Sunday, January 20, 2019

Nancy Stohlman on the Biggest Mistake Writers Make

In the 37th in a series of posts from authors of 2018 books entered for The Story Prize, Nancy Stohlman, author of Madame Velvet's Cabaret of Oddities (Big Table Publishing), lays out the stages of writing.

It’s not what you think.

The biggest mistake writers make? Not knowing which stage of the writing process they’re in.

We confuse writing with editing, we confuse editing with publication, we show work to others before it’s ready, we hoard work that is ready, afraid of rejection. Realizing which stage of the process you’re in—and more importantly what your work needs at that phase—is crucial.

Stage One: Creative Play

Regardless of genre, true creativity always begins as play. It’s that time of pure inspiration, when your ideas are new and fragile, where risks are taken, mistakes are made and become discoveries. This creative honeymoon is a time of sweetness and acceptance, a private time between you and your work and also when it needs the most protection—it’s raw, vulnerable, full of potential, beautiful to us but the wings aren’t dry yet.

So it’s the worst time to get feedback. The work isn’t ready for scrutiny and neither is the author. But we’ll do it anyway: We throw the baby into the pool thinking it can swim; we invite the paparazzi in before we’re even dressed. We show the world before we’re ready for their reaction, and like a negative exposed to light, all those budding ideas can fade away in front of our eyes.

And then the writer gives up or gets blocked and doesn’t know why.

Stage Two: Puberty

This the true transformation of your work, the metamorphosis, when it discovers itself. The child gets rashes of acne, stretch marks, growing pains, hair in weird places. Sometimes they don’t seem like your baby at all—and they’re not.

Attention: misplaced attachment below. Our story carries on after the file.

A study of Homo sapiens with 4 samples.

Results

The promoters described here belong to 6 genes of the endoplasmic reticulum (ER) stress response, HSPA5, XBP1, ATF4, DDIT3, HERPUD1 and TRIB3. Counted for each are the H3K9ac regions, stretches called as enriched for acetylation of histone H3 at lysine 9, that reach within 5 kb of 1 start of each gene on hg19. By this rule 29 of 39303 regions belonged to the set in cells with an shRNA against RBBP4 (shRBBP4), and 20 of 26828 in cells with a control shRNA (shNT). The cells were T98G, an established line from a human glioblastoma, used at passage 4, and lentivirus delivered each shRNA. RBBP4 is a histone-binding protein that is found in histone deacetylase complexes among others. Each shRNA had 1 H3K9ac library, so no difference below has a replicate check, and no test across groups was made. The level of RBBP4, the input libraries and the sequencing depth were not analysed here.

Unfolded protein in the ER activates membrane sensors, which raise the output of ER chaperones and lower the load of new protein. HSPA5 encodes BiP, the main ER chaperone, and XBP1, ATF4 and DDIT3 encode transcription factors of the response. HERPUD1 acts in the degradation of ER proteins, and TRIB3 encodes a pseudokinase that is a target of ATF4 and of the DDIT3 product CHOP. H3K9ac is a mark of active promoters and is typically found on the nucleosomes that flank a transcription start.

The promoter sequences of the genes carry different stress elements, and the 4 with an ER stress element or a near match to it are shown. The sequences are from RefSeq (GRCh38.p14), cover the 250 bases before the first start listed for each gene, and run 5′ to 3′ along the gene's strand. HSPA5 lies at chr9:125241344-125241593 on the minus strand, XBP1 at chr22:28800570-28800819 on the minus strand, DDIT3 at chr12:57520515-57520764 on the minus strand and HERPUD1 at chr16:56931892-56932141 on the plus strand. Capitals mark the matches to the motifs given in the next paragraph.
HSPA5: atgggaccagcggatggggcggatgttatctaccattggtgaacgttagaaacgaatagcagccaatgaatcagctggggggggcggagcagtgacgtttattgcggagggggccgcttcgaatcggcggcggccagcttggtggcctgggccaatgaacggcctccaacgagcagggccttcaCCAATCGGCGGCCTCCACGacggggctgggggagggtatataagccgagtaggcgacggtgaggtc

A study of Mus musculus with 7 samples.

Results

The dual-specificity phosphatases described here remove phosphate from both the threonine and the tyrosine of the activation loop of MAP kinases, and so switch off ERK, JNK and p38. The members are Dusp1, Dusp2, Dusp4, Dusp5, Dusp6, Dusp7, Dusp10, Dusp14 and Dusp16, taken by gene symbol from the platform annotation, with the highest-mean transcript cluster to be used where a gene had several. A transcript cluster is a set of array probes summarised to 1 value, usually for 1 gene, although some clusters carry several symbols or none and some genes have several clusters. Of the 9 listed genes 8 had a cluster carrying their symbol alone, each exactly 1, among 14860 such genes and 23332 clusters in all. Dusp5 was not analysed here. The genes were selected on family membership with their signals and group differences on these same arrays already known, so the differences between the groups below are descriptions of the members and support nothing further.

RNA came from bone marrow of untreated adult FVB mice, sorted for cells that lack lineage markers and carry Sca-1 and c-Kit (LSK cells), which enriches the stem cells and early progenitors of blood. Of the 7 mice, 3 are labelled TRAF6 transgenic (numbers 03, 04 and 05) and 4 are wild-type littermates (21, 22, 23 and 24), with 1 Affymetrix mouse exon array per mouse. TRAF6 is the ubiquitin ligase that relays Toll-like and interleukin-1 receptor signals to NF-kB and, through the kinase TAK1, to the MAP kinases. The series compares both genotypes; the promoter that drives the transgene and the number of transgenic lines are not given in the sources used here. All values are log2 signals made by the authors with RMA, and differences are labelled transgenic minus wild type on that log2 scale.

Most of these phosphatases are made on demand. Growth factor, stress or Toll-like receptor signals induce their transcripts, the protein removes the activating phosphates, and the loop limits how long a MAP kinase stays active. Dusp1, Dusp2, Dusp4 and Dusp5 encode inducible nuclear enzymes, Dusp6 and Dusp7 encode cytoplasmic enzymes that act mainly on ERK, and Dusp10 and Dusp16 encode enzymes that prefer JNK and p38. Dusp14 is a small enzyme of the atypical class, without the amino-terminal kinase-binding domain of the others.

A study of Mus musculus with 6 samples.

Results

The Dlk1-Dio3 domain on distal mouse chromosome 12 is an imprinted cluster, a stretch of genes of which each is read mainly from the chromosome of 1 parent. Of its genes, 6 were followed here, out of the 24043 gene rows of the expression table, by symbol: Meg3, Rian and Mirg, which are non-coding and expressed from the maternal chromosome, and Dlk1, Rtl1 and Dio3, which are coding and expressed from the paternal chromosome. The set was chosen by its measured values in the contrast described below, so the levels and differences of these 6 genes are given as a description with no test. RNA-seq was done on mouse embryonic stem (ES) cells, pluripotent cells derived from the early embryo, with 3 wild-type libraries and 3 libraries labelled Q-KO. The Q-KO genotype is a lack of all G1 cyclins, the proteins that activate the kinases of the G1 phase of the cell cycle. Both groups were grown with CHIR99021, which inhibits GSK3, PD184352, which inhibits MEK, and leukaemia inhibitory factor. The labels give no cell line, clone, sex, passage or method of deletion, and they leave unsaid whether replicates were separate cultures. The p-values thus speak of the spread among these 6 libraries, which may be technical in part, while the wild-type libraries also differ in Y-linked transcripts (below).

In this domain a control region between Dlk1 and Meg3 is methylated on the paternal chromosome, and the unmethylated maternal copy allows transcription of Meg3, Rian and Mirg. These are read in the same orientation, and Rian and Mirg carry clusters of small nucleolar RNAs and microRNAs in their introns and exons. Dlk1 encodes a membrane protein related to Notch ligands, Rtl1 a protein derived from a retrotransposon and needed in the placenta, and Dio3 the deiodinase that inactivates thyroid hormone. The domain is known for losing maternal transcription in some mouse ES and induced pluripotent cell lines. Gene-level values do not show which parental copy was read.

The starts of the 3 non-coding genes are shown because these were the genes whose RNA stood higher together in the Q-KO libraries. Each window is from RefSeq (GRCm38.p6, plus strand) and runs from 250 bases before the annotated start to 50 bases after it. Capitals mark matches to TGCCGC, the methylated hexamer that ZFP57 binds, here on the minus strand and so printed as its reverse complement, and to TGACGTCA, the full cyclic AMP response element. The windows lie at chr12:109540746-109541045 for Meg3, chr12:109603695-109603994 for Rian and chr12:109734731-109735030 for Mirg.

We must not love our work too much at this stage, but we must love it enough to be willing to cut it open and lay it all out like a disassembled engine. It’s also the right time to bring in a trusted audience for feedback. The audience should be midwives, peers, teachers, and mentors—those who can tell you your sunglasses are on your head and point out things in your work you’ve become blind to.

The biggest mistake most writers make in this phase? Skipping it.

Yes, because we fear this re-visioning process, we can keep our stories hidden in the dark. But this crucible is where the real magic happens, where your work truly matures.

I recommend working in a new file during this phase. Save that original draft in a separate file and do the surgery elsewhere, far away from the baby you love.

Stage Three: Grown Adult Living in the Basement

And then there’s the third phase, after the honeymoon, after puberty: the grown adult living in the basement phase. This is when we’ve worked on something until it’s done but we can’t let it go. It’s over-gestated, rotting—we can ruin it and stymie our creativity if we stay there too long.

We can get stuck in this phase for lots of good reasons. First, there is the very real possibility of rejection. This creation you’ve worked so hard on is now going to have to make it in the world without you. So, like overprotective parents, we lock it up in the basement “for its own protection.”

There’s another reason we keep our work hostage—we’d rather stay in the “editing” phase indefinitely than face the finality of finishing. Finishing would mean returning the blank page again, and that’s also scary.

But knowing when something is finished is just as important as any other part of the process. When the child is grown, buy them a suitcase. Maybe we let it go and it’s published and that’s fantastic. And maybe it goes nowhere and that’s okay too. But we must move forward.

Staying stuck in any phase robs us of our growth as writers. All creations have their own cycles, their own lifespans and their own destinies. Whatever its destiny, a writer needs to lead it to the ocean, put it in a bottle and set it adrift.

And then, with a fresh mind, turn to Creative Play once again.